Nearly 1,000 of the world's leading news publishers, CEOs, journalists and others gathered in Kyiv from Sept. 2-5 for the 64th World Newspaper Congress and the 19th World Editors Forum.
Lack of freedom of speech in Ukraine weighed on the minds of the organizers, who met with Ukrainian President Viktor Yanukovych over lunch on Sept. 4. Following it, the organization issued this press release urging the Ukarinian leader to improve conditions for independent media to thrive.
Here is the press release:
A group of leading publishers and editors from around the world met with Ukrainian President Viktor Yanukovych on Sept. 4 and expressed concerns about the state of press freedom in the country and the urgent need for conditions that promote a strong, independent media.Fourteen leading publishers and editors engaged in a frank discussion with the president over lunch during the World Newspaper Congress and World Editors Forum, organised by the World Association of Newspapers and News Publishers (WAN-IFRA).
Jacob Mathew, president of WAN-IFRA and Erik Bjerager, president of the World Editors Forum, presented the president with a report and recommendations that emerged from an international press freedom mission to Ukraine in April 2012. The report can be found at http://www.wan-ifra.org/node/60102
In the lunch meeting at the National Hotel, Bjerager said a free press was a necessary component for sustainable economic, social and cultural development. “By encouraging criticism and dissent, you develop freedom, liberalization and a prosperous society,” he told the president.
The delegation addressed a number of issues and asked the president to ensure that those who engaged in peaceful protest during his speech at the Congress opening ceremony would not be harassed or prosecuted.
It also called for the president to address the issues that were inhibiting the development of independent media, including an environment of corruption, lack of a viable market and issues in broadcast media that include lack of transparency in digital licensing and judicial processes.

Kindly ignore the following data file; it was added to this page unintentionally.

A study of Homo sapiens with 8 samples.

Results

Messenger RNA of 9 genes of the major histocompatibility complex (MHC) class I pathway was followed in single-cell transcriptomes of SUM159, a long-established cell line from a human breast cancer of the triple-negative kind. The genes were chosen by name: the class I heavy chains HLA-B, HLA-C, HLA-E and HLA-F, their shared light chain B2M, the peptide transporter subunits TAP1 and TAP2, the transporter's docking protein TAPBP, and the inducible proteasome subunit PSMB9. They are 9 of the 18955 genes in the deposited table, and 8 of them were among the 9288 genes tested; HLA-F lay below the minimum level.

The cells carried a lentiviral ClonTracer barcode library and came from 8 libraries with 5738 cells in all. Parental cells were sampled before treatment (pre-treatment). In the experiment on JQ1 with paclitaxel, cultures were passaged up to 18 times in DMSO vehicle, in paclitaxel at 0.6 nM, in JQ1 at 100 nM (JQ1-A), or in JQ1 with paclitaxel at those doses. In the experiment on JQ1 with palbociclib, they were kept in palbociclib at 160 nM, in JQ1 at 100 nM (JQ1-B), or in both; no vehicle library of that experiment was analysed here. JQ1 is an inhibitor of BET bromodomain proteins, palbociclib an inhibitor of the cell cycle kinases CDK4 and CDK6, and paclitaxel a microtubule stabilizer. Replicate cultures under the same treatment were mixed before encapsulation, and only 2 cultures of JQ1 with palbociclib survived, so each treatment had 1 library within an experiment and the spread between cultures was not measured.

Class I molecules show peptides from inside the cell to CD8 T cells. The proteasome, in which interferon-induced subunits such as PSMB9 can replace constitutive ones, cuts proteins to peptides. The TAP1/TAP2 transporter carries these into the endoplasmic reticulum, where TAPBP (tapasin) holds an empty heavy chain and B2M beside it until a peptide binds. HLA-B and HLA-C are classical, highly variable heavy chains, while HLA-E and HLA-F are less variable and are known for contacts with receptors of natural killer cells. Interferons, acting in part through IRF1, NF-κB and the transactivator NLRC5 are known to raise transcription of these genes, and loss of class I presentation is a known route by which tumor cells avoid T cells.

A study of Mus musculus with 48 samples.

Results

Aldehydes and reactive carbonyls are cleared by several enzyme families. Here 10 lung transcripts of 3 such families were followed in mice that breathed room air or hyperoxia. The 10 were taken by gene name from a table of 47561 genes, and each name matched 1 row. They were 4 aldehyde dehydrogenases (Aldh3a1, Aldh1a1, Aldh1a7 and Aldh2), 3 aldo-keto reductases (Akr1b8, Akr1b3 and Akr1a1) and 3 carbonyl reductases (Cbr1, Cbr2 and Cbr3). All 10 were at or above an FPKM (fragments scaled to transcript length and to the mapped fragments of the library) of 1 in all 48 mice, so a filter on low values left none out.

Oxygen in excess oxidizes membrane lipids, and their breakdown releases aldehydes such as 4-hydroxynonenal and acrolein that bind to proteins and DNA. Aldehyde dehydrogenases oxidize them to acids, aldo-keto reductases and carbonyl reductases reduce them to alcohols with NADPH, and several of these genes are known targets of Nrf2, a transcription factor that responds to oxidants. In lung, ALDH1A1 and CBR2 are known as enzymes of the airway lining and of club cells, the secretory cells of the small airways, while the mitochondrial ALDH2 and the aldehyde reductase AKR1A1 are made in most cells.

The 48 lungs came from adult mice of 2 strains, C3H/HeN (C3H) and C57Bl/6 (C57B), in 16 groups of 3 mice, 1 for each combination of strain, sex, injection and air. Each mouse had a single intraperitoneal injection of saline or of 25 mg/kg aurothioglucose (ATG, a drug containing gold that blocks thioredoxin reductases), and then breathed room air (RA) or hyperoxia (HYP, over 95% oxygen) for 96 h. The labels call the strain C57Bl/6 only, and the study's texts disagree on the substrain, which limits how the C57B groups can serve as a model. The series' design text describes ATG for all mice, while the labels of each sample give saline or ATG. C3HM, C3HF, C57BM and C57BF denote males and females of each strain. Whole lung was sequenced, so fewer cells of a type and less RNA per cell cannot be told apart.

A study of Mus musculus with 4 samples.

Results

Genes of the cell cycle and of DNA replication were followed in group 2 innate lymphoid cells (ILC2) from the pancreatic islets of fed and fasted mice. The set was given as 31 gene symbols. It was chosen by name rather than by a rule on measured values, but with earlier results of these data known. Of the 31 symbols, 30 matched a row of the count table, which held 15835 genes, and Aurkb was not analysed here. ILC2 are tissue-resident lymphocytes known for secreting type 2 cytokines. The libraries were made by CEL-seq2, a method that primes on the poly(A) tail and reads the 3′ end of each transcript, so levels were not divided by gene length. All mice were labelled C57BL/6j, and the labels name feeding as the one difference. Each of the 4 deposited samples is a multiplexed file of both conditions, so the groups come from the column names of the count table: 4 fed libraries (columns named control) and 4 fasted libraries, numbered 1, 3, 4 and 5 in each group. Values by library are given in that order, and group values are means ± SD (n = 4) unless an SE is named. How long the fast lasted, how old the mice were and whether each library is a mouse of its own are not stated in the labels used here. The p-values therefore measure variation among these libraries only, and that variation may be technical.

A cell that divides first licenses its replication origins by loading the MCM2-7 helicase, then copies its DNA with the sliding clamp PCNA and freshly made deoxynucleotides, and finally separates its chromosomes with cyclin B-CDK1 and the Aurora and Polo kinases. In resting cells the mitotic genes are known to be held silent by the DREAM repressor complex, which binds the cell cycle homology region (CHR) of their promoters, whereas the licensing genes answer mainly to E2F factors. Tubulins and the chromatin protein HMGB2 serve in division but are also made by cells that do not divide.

The call followed a resolution issued Sunday from the WAN-IFRA Board that called for similar measures (http://www.wan-ifra.org/node/62339 ).
In addition to Mathew and Bjerager, WAN-IFRA and WEF members of the delegation included: Eugene Abov, deputy CEO, Izdatelstvo Rossiyskaya Gazeta, Russia; Boris Lozhkin, president, UMH Group, Ukraine; Tomas Brunegard, CEO and president, Stampen AB, Sweden; Jayme Sirotsky, president Emeritus, RBS-Brazil Zero Hora Editora Jornalistica; Seok Hyun Hong, chairman & CEO, JoongAng Media Network, Korea; Vladimir Sungorkin; editor-in-chief, general director Komsomolskaya Pravda, Russia; Mikael Pentikäinen, senior editor-in-chief, Sanoma News Oy, Finland; Pichai Chuensuksawadi, editor-in-chief, The Post Publishing Company, Thailand; Trevor Ncube, chief executive, Mail and Guardian, South Africa; Valdo Lehari Jr, CEO and publisher, Reutlinger General-Anzeiger Verlag, Germany; and Ivar Rusdal, CEO, Jæren Avis AS, Norway.
The Congress and Editors Forum, the global summit meetings of the world’s press, drew more than 1,000 publishers, chief editors, CEOs and other senior newspaper executives from 88 countries to Kyiv. The event, which continue through Wednesday, can be followed at http://www.wan-ifra.org/kiev2012_blog or on Twitter with #wnc12 and #wef12
WAN-IFRA, based in Paris, France, and Darmstadt, Germany, with subsidiaries in Singapore, India, Spain, France and Sweden, is the global organisation of the world’s newspapers and news publishers. It represents more than 18,000 publications, 15,000 online sites and over 3,000 companies in more than 120 countries. Its core mission is to defend and promote press freedom, quality journalism and editorial integrity and the development of prosperous businesses.